India's edible oil imports for the current oil year 2020-21 (November-October) are anticipated to be 13 million tonnes (mt) lower than the previous year.

Chintu Das
Edible Oil
Edible Oil

According to the top trade organization, the Solvent Extractors Association of India (SEAI), India's edible oil imports for the current oil year 2020-21 (November-October) are anticipated to be 13 million tonnes (mt) or 200,000 tonnes lower than the previous year. 

“We do not expect any increase in demand for the current oil year (November-October) 2020-21,” said BV Mehta, Executive Director, SEAI, speaking on the ‘Palm oil market in India: Challenges and Opportunity' at the ‘World Palm Virtual Expo and Conference' on Wednesday. 

Domestic consumption has been impacted 

Mehta stated that Indian edible oil demand has been depressed as a result of Covid-19, but that high edible oil prices have also had an impact on domestic consumption. Because over half of India's population is middle or lower middle class, customers are price sensitive. In addition, local edible oil output has grown by 1 million tons in the previous year. 

“We would not be shocked to see a lower figure of 13 mt or approximately 200,000 tonnes compared to last year,” Mehta added. During the oil year 2019-20, India imported 13.17 million tonnes of edible oil.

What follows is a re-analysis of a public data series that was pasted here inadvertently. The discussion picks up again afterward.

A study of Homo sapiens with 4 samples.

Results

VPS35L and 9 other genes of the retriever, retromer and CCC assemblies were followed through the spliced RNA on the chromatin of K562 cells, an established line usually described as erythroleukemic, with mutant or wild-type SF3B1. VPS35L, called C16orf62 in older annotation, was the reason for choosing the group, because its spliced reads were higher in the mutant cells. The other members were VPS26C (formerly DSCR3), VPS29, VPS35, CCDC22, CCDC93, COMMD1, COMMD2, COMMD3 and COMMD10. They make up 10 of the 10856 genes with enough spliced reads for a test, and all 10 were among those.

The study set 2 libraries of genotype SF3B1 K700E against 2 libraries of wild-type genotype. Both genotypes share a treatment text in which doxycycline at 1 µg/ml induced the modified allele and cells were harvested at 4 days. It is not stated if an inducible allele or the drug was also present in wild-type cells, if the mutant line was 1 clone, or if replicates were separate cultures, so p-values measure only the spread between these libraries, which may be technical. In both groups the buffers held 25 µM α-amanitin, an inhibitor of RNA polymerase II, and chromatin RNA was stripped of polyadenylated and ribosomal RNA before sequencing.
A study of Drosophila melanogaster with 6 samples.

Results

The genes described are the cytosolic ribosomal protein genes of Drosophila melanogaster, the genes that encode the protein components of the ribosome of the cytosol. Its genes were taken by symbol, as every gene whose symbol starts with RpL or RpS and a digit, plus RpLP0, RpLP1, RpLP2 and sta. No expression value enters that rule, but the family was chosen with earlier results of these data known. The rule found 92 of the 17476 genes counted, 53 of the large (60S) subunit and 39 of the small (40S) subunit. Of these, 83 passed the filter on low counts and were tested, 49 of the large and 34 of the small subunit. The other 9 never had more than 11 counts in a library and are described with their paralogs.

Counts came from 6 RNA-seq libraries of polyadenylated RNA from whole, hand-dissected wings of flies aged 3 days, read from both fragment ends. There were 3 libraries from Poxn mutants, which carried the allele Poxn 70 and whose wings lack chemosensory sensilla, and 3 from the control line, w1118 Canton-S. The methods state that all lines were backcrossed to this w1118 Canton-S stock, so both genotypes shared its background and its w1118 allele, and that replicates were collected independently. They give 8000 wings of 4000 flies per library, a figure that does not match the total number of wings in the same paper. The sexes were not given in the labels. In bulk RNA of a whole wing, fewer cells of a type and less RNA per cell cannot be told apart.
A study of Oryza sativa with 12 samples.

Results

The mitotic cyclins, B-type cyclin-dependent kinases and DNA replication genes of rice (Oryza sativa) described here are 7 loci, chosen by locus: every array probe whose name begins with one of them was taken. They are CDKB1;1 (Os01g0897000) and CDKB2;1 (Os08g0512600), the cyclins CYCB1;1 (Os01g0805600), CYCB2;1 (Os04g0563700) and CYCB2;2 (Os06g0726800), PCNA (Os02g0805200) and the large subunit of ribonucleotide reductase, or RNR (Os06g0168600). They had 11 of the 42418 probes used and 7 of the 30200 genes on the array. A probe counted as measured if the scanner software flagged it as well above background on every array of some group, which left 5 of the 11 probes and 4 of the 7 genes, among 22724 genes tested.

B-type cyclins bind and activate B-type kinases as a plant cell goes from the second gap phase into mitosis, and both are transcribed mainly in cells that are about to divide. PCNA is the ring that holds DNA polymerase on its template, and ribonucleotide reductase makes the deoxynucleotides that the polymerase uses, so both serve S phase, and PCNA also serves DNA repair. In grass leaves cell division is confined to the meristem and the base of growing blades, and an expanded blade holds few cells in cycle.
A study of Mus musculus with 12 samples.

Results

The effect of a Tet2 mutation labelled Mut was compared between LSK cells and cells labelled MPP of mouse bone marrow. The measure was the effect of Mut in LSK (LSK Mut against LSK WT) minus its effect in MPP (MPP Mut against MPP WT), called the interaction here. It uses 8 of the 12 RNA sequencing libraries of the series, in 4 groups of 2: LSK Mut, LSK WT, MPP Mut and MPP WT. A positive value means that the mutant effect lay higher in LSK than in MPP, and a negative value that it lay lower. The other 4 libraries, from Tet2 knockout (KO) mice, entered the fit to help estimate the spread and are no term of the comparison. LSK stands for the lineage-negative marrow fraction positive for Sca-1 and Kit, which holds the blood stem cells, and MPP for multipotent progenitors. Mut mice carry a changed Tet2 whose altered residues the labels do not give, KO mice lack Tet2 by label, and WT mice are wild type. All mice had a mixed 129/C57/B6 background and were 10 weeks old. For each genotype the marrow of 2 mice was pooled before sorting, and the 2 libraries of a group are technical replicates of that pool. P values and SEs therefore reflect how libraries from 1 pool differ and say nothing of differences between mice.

Furthermore, according to Mehta, overall oilseed planting was at 19.2 million hectares as of September 6, down 3% from the previous year. “At the start of the season, we anticipated that the acreage would increase. But, for the time being, the acreage will be around the same as last year,” he added. 

Malaysia’s Palmolein 

In response to the government's decision to allow RBD palmolein to be imported freely till December 31, Mehta predicted that 150,000-200,000 tonnes of refined oil per month will arrive in India by the end of the year. 

“I am not saying it will reduce, but it may reduce,” Mehta said of the government's expected effort to lower the import tariff on edible oils. There are possibilities. Given the high price of edible oil, the government may lower the duty.” 

The main reason for the government to consider lowering import duties is the high price. “However, we are still unsure since the fresh crops will be harvested in the next two to three weeks. Farmers' feelings may be affected as a result of this. However, the government must strike a balance between the interests of consumers and farmers. The government may cut the duty for a limited time,” he added. 

Mehta said Malaysia had an edge over Indonesia in terms of demand and import prospects for palm oil. Previously, Indonesia had a two-thirds share of total imports while Malaysia had a one-third share. Mehta stated that things are now changing and that Indonesia charges a high export tariff and fee. Such actions have deterred Indian importers from buying from Indonesia, causing them to shift their business to Malaysia, he added.